Focus on Grammar (SAT Series Week 4)
The Illinois April 5th state-mandated SAT is now 2 weeks away. With all Illinois public school students sitting for that SAT, we want to offer a series of insights along the way to help you prepare. This week’s focus: how good is your child’s grasp of grammar? Or, how well does your child grasp grammar?
Even the two questions above raise an important grammar question—what’s the difference between “good” and “well”? That’s easy, right? “Good” is an adjective, and “well” is an adverb. But hold on: can’t you say, “I am good,” and “I am well”? In the second case, “well” is an adjective meaning “healthy.” And hold on again: can’t you say, like James Brown famously did, “I feel good,” and isn’t “feel” a verb? Oh well, maybe we should just call the whole thing off? Is proper written grammar hopelessly confusing?
Writing off grammar is not really an option for students taking the SAT, preparing for college-level curriculum, or, for that matter, anyone who wants to avoid costly mistakes in life. This point has been made especially clear in a very expensive class-action lawsuit amounting to $10M in overtime pay a dairy company in Portland, ME owes its workers—all because of the importance of one little, missing comma.
The lack of an Oxford comma in the following state law absolutely impacts its intended meaning, which was to state that overtime pay does NOT apply to the following:
The canning, processing, preserving, freezing, drying, marketing, storing, packing for shipment or distribution of:
(1) Agricultural produce; (2) Meat and fish products; and (3) Perishable foods.
The key question: does the law intend to exempt the distribution of the three food types that follow, or does it mean to exempt only packing for the shipping or distribution of them?
Attorneys for the truck drivers argued that because of that missing comma before “or,” only packing for was exempt from overtime pay but not the actual work of distribution, which amounted to $10M of overtime pay the company owes its drivers. Well, there it is: we can’t exactly write off grammar, can we?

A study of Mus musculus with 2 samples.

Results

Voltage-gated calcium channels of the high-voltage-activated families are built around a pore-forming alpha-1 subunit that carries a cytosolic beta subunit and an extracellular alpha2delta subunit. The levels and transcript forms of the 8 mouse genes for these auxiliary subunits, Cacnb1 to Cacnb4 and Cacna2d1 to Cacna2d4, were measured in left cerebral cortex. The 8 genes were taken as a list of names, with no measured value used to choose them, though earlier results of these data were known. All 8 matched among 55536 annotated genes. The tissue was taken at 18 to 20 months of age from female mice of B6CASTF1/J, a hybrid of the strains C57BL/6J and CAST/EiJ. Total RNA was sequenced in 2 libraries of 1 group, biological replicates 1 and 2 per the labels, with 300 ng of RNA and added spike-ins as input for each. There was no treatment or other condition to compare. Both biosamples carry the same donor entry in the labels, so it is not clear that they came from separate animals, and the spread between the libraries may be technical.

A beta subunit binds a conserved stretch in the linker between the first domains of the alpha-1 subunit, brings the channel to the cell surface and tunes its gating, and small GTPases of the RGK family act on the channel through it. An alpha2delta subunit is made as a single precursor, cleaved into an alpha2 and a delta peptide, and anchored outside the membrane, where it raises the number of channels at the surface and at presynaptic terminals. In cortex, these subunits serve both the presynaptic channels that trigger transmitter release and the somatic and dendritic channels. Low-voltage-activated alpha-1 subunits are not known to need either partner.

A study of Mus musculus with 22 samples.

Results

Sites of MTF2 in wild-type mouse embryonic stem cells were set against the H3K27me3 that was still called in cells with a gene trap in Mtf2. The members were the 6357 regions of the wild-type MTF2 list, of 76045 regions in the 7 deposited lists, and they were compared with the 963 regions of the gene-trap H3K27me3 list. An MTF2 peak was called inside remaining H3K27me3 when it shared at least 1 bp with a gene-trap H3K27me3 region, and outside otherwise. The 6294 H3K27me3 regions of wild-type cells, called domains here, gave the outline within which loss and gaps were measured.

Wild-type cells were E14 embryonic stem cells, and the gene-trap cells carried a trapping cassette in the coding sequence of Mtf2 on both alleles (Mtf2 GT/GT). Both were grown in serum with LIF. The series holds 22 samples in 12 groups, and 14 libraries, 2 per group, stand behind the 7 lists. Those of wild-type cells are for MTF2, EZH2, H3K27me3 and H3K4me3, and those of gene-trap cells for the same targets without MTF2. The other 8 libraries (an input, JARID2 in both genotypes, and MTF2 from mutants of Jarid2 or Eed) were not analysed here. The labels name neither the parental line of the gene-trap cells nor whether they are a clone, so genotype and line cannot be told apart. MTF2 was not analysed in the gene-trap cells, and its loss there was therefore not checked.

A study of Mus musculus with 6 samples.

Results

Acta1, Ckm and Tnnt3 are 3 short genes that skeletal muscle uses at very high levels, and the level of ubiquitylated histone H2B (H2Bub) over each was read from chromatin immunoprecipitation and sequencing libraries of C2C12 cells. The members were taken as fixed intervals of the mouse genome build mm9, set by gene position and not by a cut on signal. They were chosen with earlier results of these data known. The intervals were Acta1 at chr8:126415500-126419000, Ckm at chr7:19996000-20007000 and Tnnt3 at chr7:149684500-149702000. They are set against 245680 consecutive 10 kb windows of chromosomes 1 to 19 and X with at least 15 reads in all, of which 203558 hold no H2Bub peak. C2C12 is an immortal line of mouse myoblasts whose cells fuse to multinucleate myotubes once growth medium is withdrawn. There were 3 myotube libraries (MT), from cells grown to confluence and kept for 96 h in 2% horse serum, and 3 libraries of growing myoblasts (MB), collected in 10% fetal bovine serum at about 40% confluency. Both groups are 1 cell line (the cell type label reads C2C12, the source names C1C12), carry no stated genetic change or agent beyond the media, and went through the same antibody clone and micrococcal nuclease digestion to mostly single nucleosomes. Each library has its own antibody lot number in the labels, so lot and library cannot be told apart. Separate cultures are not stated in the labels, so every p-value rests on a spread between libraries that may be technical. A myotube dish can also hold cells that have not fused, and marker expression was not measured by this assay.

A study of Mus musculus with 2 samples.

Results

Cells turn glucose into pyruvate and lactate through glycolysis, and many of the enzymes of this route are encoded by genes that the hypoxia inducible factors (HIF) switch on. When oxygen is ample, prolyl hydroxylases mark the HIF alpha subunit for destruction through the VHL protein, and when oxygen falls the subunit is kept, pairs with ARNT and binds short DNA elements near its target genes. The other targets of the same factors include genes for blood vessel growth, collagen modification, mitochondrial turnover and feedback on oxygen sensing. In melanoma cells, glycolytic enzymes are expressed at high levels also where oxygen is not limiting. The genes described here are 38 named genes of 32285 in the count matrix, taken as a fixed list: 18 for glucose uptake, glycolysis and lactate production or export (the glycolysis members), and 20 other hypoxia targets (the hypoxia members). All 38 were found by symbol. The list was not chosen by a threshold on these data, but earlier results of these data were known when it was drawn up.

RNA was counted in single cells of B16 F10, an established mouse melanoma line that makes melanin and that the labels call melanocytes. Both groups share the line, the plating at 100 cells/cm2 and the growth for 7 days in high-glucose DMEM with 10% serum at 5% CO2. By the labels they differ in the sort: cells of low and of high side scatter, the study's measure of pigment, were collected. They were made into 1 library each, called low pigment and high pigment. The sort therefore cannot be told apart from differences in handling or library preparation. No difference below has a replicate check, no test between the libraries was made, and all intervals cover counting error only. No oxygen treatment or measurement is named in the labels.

The SAT’s Evidence-based Reading & Writing section features 44 passage-based grammar questions dispersed among 4 passages, each of which is 400-450 words in length. These questions cover a host of relevant grammar rules that college-bound writers must know: everything from commas to logical transitions to proper diction and idioms has a home on the SAT.
While standardized testing can be a controversial topic, most of us – parents and educators alike – feel that mastery of proper written standards of English is not. What’s more, it’s a tremendous opportunity to feed two birds with one seed. Any of the grammar rules relevant to SAT performance are undoubtedly relevant to better performance on essay composition in your student’s high school classes. The rules assessed on the SAT are rules that matter greatly to clear, logical written expression, the standards of excellent writing that teachers at school expect.
So, one exercise your student could do in the 11th hour before the April 5th SAT is to grab the last 3 or 4 English and Social Studies essays he or she has written, review the teachers’ feedback, noting all the little mechanical mistakes the teacher highlights, and study those. Go to office hours to review these mistakes to make sure the message and teaching are clear. Your student’s teachers will be impressed, and your student will also pick up a few more grammar skills right before April 5th.
In the end, your student will do well on the grammar portion of the SAT, and that’s a good thing! Good luck!